You have surely concluded from our recent polls that we are interested in your favourite online sources on language use. After receiving a large number of different answers from you when asked about your go-to online sources, I noticed that some people rely on wikis when it comes to language advice. Therefore, I decided to look into a few different formats of advice giving on these user-generated sites. WikiAnswers is the leading Q&A website in the world: it comes in really handy if you need to get quick answers to questions such as: Is it okay to end a sentence with a preposition? or Can you use ‘literally’ in a sentence? If there are several similar questions and answers, the alternatives are listed under the entry. Contributors are awarded ‘trust points’ or badges which makes participating on this wiki site a fun experience. WikiAnswers is an ad-supported website, which might distract you from your strictly linguistic interests which brought you here in the first place.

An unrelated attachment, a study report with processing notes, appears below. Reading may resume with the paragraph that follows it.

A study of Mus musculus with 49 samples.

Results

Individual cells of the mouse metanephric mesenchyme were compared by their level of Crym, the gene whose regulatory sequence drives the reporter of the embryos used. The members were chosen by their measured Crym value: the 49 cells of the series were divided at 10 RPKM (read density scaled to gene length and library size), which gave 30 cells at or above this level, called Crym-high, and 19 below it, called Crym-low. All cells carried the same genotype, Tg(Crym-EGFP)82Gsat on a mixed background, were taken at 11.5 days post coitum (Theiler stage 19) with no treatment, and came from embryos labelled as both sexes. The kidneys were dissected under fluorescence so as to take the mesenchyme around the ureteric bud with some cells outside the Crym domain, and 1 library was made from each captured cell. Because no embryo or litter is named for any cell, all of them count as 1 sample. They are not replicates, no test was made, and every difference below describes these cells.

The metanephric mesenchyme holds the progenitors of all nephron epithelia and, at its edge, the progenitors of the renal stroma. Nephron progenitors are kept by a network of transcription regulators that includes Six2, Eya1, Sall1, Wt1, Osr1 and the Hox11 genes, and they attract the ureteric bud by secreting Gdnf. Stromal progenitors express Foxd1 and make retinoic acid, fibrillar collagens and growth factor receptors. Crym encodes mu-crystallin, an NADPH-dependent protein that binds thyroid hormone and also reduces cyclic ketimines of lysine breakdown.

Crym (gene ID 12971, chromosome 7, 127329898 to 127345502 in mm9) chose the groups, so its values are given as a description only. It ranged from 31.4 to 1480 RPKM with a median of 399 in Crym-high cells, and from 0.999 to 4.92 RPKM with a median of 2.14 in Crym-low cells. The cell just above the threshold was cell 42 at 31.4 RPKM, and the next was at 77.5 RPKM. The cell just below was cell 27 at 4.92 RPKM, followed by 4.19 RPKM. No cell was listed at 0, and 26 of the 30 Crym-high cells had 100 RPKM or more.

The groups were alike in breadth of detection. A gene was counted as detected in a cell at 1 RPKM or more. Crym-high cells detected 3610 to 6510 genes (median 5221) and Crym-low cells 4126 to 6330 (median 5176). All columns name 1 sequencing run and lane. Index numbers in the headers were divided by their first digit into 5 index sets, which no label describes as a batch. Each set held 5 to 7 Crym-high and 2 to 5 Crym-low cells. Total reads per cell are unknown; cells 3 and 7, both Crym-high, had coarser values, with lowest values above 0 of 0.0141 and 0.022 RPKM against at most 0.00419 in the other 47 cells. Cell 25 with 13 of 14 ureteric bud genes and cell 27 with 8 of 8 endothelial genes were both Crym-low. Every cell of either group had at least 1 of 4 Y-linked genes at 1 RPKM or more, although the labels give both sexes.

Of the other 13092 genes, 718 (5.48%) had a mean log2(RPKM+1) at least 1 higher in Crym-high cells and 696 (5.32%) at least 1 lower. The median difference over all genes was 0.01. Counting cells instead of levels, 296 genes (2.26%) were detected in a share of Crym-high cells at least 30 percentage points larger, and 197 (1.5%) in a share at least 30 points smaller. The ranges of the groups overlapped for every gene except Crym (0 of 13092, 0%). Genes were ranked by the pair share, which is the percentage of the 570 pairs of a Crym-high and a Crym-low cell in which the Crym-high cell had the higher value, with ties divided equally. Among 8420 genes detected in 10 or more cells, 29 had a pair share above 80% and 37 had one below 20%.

Wikipedia, the most widely used and the best known wiki, provides users with a good overview of the discussion on a particular usage item in which they are interested. Aside from a definition as a quick way in, the readers are often presented with histories of disputes, famous examples from popular culture, linguistic analyses, examples from different languages, etc. If you are interested in the wider context and the origins of the respective dispute, Wikipedia makes a good starting point.
Finally, wikiHow is the visually most attractive of the three websites. This how-to website uses step-by-step explanations and guidance on how to use ‘who’and ‘whom’ correctly, improve your grammar, and choose between ‘I’ and ‘me’.
With the number of examples, tips, and external sources, wikiHow is a goldmine for teachers, students and learners of English. Remember, if you think that the answers, accounts or the advice are not up to date, you can always edit and join the growing wiki community.